Alice started junior school this September and I know it’s an easily spouted cliche, but she does seem to have grown up in that short space of time in some ways. Earlier this week we were talking about when she’d be old enough to walk to school by herself and she seems quite comfortable with the idea already. I told her that I used to walk to school by myself when I was her age, which led to a conversation about why it’s different now. My answer was that people didn’t worry about things so much back then, which I think is generally true.
This morning I took the girls to school; a rare occurrence for me and one I would have enjoyed far more if Nick hadn’t driven off in the car taking both sets of keys, leaving me to run around like a headless chicken for five minutes just as we should have been leaving trying to find a spare set. Which we don’t have, by the way. I ended up letting myself into the neighbour’s house to steal the set we gave them for locking-out emergencies, which seem to happen far more than they should do. Which is a whole other story.
ANYWAY. As we got to school, I asked the girls who normally went in first and Alice told me that Nick waits for her bell and sees her in before taking Jessica round to her classroom. Then she told me I could leave her in the playground with her friends, as some of her other friends do that. Now I know my husband and I know he is totally uncomfortable with this, so I asked her if Daddy did that, to which the answer was no. “But I wouldn’t be scared,” she said, with a laugh that implied she didn’t know why he wouldn’t do it, she’d be fine, what’s the big deal?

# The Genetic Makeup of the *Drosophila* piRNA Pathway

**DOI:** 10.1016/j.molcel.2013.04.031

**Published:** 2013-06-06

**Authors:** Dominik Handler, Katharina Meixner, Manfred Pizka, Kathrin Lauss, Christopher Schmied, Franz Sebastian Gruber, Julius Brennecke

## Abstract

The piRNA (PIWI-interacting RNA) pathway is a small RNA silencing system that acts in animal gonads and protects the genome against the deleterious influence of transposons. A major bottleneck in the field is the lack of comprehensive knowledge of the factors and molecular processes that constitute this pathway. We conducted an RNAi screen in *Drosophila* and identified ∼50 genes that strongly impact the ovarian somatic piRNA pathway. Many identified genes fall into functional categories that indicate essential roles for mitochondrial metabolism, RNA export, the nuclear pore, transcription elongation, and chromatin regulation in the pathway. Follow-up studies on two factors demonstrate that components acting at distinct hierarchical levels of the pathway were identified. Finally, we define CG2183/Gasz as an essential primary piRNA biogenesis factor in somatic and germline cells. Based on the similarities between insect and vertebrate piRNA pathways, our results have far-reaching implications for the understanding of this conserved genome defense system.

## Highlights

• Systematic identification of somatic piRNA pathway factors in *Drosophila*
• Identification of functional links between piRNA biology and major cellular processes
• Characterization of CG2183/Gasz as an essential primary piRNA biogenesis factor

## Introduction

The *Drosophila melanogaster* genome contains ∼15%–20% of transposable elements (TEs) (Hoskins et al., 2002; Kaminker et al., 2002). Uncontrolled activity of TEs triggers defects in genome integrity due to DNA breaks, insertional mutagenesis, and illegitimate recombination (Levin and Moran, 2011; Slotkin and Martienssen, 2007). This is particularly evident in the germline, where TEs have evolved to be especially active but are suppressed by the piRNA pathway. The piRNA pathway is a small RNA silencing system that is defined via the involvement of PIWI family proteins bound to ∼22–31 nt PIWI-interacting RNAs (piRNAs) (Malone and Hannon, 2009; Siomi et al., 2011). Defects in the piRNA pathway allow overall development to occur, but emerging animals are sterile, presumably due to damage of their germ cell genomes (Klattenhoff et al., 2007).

It seems to be a theme for this week as I also got caught in a conversation about a very similar subject with some people at work; how do you balance the whole giving them their independence thing without getting arrested for negligence or at the very least frowned upon by the school gate gestapo?
It got me thinking about how independent we encourage them to be and my conclusion was probably not as much as we could. So I’m making a start with the insignificant things; getting them to help out more at home and being more self-sufficient. They’re both perfectly capable of stuff like washing themselves in the bath, getting their own drinks – Alice can even make sandwiches. But I guess we might have to draw the line at sending them off to school with their own door keys just for now.